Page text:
Importance: The effect of strict blood pressure control on clinical outcomes in patients with chronic kidney disease (CKD) is unclear.
Objective: To compare the outcomes associated with a treated systolic blood pressure (SBP) of less than 120 mm Hg vs those associated with the currently recommended SBP of less than 140 mm Hg in a national CKD database of US veterans.
Design, setting, and participants: Historical cohort study using a nationwide cohort of US veterans with prevalent CKD, estimated glomerular filtration rate less than 60 mL/min/1.73 m(2), and uncontrolled hypertension, who then received 1 or more additional blood pressure medications with evidence of a decrease in SBP. Propensity scores were calculated to reflect each individual's probability for future SBP less than 120 vs 120 to 139 mm Hg.
Main outcomes and measures: The effect of SBP on all-cause mortality was evaluated by the log-rank test, and in Cox models adjusted for propensity scores.
Results: Using a database of 651,749 patients with CKD, we identified 77,765 individuals meeting the inclusion criteria. A total of 5760 patients experienced follow-up treated SBP of less than 120 mm Hg and 72,005 patients had SBP of 120 to 139 mm Hg. During a median follow-up of 6.0 years, 19,517 patients died, with 2380 deaths in the SBP less than 120 mm Hg group (death rate, 80.9/1000 patient-years [95% CI, 77.7-84.2/1000 patient-years]) and 17,137 deaths in the SBP 120 to 139 mm Hg group (death rate, 41.8/1000 patient-years [95% CI, 41.2-42.4/1000 patient-years]; P < .001). The mortality hazard ratio (95% CI) associated with follow-up SBP less than 120 vs 120 to 139 mm Hg was 1.70 (1.63-1.78) after adjustment for propensity scores.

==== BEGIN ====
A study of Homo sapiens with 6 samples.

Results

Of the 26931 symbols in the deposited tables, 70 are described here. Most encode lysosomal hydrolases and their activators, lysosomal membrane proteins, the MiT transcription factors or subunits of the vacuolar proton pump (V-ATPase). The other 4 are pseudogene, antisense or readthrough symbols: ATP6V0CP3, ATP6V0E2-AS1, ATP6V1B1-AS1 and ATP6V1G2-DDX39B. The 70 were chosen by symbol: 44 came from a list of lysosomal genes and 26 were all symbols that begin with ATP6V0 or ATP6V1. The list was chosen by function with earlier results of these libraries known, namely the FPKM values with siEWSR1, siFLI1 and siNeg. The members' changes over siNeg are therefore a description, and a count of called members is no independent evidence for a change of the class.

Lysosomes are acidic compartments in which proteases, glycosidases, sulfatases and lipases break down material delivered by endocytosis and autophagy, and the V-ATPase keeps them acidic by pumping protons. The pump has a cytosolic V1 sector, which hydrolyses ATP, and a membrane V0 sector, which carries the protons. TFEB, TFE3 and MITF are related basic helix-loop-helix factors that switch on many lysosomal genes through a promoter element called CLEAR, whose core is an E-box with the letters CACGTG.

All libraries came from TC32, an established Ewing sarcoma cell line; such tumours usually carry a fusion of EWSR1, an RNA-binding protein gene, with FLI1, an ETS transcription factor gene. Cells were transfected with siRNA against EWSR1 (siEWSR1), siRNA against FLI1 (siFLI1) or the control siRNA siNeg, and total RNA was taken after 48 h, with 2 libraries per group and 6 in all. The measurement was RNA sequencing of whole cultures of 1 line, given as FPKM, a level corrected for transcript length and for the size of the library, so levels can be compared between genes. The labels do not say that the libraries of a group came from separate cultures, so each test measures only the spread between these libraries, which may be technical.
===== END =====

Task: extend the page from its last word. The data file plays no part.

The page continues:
Conclusions and relevance: Our results suggest that stricter SBP control is associated with higher all-cause mortality in patients with CKD. Confirmation of these findings by ongoing clinical trials would suggest that modeling of therapeutic interventions in observational cohorts may offer useful guidance for the treatment of conditions that lack clinical trial data.